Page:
Grant Horner, an English prof at The Master's College, specializes in the Renaissance and Reformation. But he truly comes alive when talking about movies. He teaches a popular class in film, and speaks regularly about film and popular culture.
His recent book, Meaning at the Movies: Becoming a Discerning Viewer (Crossway), examines how film affects viewers. Believing that every film is essentially a different take on the Fall of Man, Horner says movies are today's most powerful form of expression, and directors are today's philosophers.
Christianity Today spoke to Horner in his Master's College office in Santa Clarita, California.
Your book says that "the suppression of the truth about the fall of man" led to culture—including pop culture and movies. Please explain.
The history of human culture is the history of these suppressed truths bubbling back up; that's what I say is the origin of culture. Why do we have culture at all? I think it's to examine and explain the human condition. We can get along with very little: food, clothing shelter, maybe someone to hug. But we have cathedrals, opera, popular music, sports, comic books, and movies. Why do we spend so much energy on things that are not necessary for survival? I think it's because this repressed truth keeps coming up.
Many of us see film as mere entertainment, but you see it as today's philosophy, right?
Philosophy is the structure that you create to help you understand and live in the world. That's what movies are. Every young man gets his ideas about how to be a man by watching action movies. Every young woman gets her ideas about what romance should be like by watching romance movies. Is a raunchy, sophomoric, toilet-mouthed movie a philosophical statement? At the very least it's a statement that these things have no moral value, and that they're perfectly acceptable.
Your book doesn't list movies we should or shouldn't watch as Christians. Why not?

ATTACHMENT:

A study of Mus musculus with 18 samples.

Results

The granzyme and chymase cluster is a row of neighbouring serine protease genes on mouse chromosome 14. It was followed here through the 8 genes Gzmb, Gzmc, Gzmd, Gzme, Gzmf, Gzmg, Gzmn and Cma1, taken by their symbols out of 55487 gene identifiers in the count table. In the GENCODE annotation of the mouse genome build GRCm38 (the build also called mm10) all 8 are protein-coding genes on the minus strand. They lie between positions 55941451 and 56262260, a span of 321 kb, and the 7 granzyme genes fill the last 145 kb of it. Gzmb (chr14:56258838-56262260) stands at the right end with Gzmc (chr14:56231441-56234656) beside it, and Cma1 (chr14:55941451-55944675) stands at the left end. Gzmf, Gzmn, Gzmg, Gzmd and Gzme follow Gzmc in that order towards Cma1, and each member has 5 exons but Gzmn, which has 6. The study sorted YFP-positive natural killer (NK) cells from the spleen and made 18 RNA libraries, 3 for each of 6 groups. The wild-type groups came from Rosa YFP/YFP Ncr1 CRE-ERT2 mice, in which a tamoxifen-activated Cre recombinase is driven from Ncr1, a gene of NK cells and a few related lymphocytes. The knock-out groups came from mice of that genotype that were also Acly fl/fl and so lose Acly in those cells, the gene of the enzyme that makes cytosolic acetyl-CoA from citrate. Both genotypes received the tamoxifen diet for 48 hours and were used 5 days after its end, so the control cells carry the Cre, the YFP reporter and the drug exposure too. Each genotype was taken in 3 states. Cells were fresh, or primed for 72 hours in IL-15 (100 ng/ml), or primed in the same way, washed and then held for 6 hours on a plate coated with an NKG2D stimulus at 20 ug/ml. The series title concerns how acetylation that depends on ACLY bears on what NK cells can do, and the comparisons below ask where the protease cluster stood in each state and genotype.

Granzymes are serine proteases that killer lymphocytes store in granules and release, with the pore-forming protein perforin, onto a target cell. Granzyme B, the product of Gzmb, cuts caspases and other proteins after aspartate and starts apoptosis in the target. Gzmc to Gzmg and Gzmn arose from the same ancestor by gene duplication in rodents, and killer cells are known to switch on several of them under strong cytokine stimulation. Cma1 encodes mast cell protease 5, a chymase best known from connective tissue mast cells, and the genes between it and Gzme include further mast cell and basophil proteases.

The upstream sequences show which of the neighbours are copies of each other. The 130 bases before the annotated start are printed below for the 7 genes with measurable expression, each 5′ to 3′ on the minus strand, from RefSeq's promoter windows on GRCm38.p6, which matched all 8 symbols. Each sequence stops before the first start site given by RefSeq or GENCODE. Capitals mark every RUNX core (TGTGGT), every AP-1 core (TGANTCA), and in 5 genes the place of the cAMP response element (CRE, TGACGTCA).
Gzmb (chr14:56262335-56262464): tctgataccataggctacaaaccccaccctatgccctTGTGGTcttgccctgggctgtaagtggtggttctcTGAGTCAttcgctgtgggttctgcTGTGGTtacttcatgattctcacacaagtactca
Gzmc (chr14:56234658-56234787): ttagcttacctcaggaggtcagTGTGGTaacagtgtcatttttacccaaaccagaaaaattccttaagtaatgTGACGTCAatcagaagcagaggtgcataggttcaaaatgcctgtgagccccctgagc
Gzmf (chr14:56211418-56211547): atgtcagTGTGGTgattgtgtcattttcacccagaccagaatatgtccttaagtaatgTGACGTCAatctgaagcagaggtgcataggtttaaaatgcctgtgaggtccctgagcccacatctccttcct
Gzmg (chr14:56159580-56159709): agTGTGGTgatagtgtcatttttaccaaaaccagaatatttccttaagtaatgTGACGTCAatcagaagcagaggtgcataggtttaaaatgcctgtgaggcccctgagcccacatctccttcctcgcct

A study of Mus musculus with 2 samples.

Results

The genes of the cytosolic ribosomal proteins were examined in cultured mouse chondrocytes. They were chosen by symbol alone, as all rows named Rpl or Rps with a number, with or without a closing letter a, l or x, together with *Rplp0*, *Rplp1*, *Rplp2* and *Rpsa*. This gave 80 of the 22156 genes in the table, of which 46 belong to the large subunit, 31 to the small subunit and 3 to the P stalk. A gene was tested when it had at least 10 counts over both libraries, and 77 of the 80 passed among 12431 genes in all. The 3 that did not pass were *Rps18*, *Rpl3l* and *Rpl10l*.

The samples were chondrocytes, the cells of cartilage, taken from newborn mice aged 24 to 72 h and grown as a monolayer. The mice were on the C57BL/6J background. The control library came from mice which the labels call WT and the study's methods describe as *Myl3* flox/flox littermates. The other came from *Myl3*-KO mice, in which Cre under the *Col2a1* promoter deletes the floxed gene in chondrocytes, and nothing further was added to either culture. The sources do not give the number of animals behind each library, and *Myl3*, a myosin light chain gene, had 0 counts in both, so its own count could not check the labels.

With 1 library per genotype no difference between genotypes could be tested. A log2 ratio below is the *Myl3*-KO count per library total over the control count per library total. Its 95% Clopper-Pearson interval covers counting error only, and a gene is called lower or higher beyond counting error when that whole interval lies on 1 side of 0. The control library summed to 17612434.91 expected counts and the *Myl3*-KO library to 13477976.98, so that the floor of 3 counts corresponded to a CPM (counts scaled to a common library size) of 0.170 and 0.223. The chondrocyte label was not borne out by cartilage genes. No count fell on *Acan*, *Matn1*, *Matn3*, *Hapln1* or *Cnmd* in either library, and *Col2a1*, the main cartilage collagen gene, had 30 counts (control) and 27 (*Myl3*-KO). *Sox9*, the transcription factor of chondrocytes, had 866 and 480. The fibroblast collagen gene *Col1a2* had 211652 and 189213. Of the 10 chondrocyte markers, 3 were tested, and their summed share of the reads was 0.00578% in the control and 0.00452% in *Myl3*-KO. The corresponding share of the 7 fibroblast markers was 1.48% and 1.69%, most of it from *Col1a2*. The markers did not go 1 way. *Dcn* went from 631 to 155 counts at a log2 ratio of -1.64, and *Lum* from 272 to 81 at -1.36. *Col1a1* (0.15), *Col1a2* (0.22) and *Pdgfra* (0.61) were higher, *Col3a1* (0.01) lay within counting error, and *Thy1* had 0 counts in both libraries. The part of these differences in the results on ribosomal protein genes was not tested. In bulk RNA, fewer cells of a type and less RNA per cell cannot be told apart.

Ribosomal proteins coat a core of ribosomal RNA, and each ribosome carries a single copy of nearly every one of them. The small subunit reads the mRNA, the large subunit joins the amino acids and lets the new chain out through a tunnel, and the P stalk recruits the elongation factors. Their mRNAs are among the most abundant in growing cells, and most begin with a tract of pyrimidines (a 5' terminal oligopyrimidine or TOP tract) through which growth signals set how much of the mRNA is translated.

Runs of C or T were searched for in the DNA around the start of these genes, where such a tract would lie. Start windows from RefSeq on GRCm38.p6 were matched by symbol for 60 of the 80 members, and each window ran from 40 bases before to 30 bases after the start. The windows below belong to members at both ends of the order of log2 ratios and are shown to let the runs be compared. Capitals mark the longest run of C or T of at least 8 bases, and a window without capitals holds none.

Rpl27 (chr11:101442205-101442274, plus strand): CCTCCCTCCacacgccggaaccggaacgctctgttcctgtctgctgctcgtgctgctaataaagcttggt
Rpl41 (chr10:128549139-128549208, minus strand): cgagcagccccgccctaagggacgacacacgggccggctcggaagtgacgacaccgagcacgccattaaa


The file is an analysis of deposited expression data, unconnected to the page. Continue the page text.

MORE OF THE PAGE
Scripture tells us that our minds should be saturated with Scripture, and when you know it, then you can tell how much interaction with culture to have. Those things vary from person to person. There are some things you could watch as a mature Christian that you certainly should not watch as a baby Christian. For me to tell other people in precise instances what to watch is very problematic.
But is there a standard or a cutoff point you go by?
In 1 Thessalonians 5: 21-22 [in the KJV], Paul says to "prove," which means to test, all things. Hold fast to that which is good. Paul also says to avoid what looks wicked. If it looks wicked, it probably is. That's the general principal I use.
Many people limit "discernment" to avoiding the negatives: If a film doesn't have sex, violence, or bad language, it passes the test. Anything wrong with that approach?
I don't think there's anything wrong with that approach. You have to be careful with what you expose yourself to, and you have to be even more careful with how you approach what you expose yourself to. Let's say you see something you find offensive—say, blasphemous language. The real question is: Do you approve of it? Are you going to talk like that? If you can remove that temptation from yourself, that's really good.
Let's talk about violence. Was The Passion of The Christ too violent?
It had to be. Mel Gibson was saying, You don't take the camera away when Christ's sacred body is being tortured to death. You show it. I think he did a very good job of getting both believers and nonbelievers into the horror of the narrative. But I did make a decision not to watch it again. I'm a little concerned that I would become numbed to the violence.